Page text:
Former federal justice minister Jody Wilson-Raybould is calling for an investigation into confidentiality breaches over the Supreme Court appointment process. It was reported this week that she recommended a Manitoba judge for chief justice of Canada’s highest court and that Prime Minister Justin Trudeau rejected that recommendation.

Separately, Conservative justice critic Lisa Raitt said it appears “sources close to the Prime Minister” were behind the breaches. Ms. Raitt said Wednesday that the confidentiality breaches are another case of “potential political interference” after the Prime Minister’s Office pressed Ms. Wilson-Raybould on the prosecution of SNC-Lavalin.

Justice Minister David Lametti, who replaced Ms. Wilson-Raybould in that role in January, tweeted several hours after his predecessor’s call for an investigation that he was "concerned by the publication of details of the most recent #SupremeCourt justice selection. The integrity of our process depends on confidentiality for all parties involved. Canadians should have complete confidence in the administration of justice.” However, when his office was asked how it would deal with the matter, a spokesman replied: “Nothing to add to the tweet.”


Reflecting the importance put on preserving the judicial candidates’ privacy, members of the independent advisory board that screens Supreme Court applicants are required to sign confidentiality agreements. The Trudeau government created the process. The leaks involve deliberations at a stage in the process after the board chose a shortlist for the Prime Minister’s consideration.

The dispute over leaks from that process comes after Ms. Wilson-Raybould publicly accused the Prime Minister and senior officials of putting improper pressure on her when she was attorney-general to support a negotiated settlement for Quebec engineering company SNC-Lavalin, which faces charges of bribery and fraud.

The Globe and Mail first reported allegations of political interference on Feb. 7; Ms. Wilson-Raybould told a Commons committee late last month that she had come under sustained pressure for four months. She was moved to Veterans Affairs in January, and resigned from cabinet in February.

Ms. Wilson-Raybould said Wednesday that she could not comment on whether the news reports about her recommendation were accurate. “I do feel compelled to say that I have not − as some have suggested − been the source of any of these stories, nor have I ever authorized any person to speak on my behalf,” she said in a statement. “I strongly condemn anyone who would speak about or provide information on such sensitive matters.”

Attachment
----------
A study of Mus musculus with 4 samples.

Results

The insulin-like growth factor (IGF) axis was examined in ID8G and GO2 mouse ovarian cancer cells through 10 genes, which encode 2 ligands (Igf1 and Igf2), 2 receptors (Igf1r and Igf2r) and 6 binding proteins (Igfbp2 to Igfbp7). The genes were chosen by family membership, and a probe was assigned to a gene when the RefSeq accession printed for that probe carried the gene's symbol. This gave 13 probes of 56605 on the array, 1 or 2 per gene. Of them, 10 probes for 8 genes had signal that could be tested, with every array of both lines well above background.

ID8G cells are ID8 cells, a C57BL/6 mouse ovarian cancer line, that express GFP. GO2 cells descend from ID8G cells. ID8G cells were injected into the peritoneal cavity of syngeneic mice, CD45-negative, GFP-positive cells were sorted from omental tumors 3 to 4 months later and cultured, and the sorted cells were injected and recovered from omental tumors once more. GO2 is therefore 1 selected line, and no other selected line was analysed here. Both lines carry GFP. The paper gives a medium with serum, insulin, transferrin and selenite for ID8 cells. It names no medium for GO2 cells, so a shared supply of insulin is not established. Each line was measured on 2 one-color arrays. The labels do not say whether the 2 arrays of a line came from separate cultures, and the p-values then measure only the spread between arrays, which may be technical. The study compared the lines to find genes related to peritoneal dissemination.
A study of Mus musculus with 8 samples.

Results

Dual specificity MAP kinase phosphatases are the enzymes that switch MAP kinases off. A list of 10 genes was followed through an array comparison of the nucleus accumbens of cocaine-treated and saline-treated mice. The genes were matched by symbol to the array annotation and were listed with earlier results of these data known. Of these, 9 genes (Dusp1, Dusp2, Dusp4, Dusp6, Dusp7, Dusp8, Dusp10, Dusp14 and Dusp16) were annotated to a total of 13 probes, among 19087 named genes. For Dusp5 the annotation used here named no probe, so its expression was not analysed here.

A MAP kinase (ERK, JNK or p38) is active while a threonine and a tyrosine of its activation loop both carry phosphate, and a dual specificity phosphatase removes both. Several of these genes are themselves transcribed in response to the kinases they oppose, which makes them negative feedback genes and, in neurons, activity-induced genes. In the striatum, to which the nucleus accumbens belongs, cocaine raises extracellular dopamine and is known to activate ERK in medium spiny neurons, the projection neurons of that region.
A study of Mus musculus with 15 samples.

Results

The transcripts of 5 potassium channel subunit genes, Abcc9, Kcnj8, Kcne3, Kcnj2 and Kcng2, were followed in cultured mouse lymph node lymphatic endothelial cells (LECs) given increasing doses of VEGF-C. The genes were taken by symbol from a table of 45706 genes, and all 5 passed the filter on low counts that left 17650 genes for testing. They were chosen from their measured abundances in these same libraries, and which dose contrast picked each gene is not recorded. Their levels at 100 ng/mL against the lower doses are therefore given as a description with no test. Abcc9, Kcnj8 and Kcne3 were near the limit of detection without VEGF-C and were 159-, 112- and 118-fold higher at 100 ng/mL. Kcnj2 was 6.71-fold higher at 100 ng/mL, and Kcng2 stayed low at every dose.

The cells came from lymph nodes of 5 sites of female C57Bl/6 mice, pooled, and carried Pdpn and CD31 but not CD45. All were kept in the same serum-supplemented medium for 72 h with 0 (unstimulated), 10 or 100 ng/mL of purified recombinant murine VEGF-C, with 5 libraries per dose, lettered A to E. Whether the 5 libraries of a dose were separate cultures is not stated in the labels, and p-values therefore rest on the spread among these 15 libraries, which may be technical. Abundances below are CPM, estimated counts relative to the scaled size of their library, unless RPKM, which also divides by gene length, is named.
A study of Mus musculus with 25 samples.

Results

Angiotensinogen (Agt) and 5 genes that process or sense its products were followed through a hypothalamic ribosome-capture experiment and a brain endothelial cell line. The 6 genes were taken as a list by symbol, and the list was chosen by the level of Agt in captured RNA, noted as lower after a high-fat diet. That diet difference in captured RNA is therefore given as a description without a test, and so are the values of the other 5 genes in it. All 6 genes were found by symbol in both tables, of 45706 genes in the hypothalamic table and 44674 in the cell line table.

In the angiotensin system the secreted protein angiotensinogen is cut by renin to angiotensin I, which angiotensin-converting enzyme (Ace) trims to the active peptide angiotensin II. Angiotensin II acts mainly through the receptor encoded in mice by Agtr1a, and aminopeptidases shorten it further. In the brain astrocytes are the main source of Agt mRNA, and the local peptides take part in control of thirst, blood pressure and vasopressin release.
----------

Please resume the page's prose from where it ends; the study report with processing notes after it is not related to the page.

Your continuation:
She said she supports “some kind of investigation” into the leaks, because they “could compromise the integrity of the appointment process.”



The Globe later confirmed Ms. Wilson-Raybould’s recommendation and reported that it was part of a broader plan in which the first Indigenous chief justice of a superior court would have been appointed to fill the position left vacant by Chief Justice Joyal.

Ms. Raitt called on the federal agency that oversees the appointment process to investigate the confidentiality breaches. But Marc Giroux, who heads the Office of the Commissioner for Federal Judicial Affairs, said that while he is deeply troubled by the confidentiality breaches, his agency has no authority to investigate them. His office provides administrative support to government in the Supreme Court appointment process.

A “plain reading of the facts” led Ms. Raitt to conclude someone near the Prime Minister leaked confidential information about Supreme Court appointments to the media, thus damaging judicial independence and the reputation of the judges involved, she said.

“If this is indeed true, it is an egregious case of political interference and one that severely injures the independence of the judiciary,” Ms. Raitt said in a publicly released letter to Mr. Giroux.

“Further it casts a cloud over the appointments of Justice Sheilah Martin and Chief Justice Richard Wagner, both of whom were appointed instead of Judge Joyal, and harms the perceived objectivity of Judge Joyal’s past and future judgments.”


The leaks have distressed the Canadian legal community. The Manitoba Bar Association, in a statement by its president, Mark Toews, said that comments criticizing Chief Justice Joyal as homophobic and anti-abortion − as former Liberal MP Sheila Copps described him in a tweet − are completely wrong.

He added: “It is, in the end, highly regrettable that Chief Justice Joyal was forced to respond and disclose deeply personal and confidential information.”

Emma Cunliffe, who teaches at the Allard School of Law at the University of British Columbia, said she was appalled by the confidentiality breaches. “The process only works if everybody has faith in its integrity and its confidentiality,” she said in an interview.

On Tuesday, Ms. Wilson-Raybould submitted 44 pages of additional information to the justice committee to rebut testimony from previous witnesses including Michael Wernick, the Clerk of the Privy Council, and Mr. Trudeau’s former principal secretary, Gerald Butts.

The documents, which include copies of e-mails and text messages, have to be translated into French before they are provided to committee members and released to the public. That could take as late as Friday afternoon.


With a report from Robert Fife in Ottawa.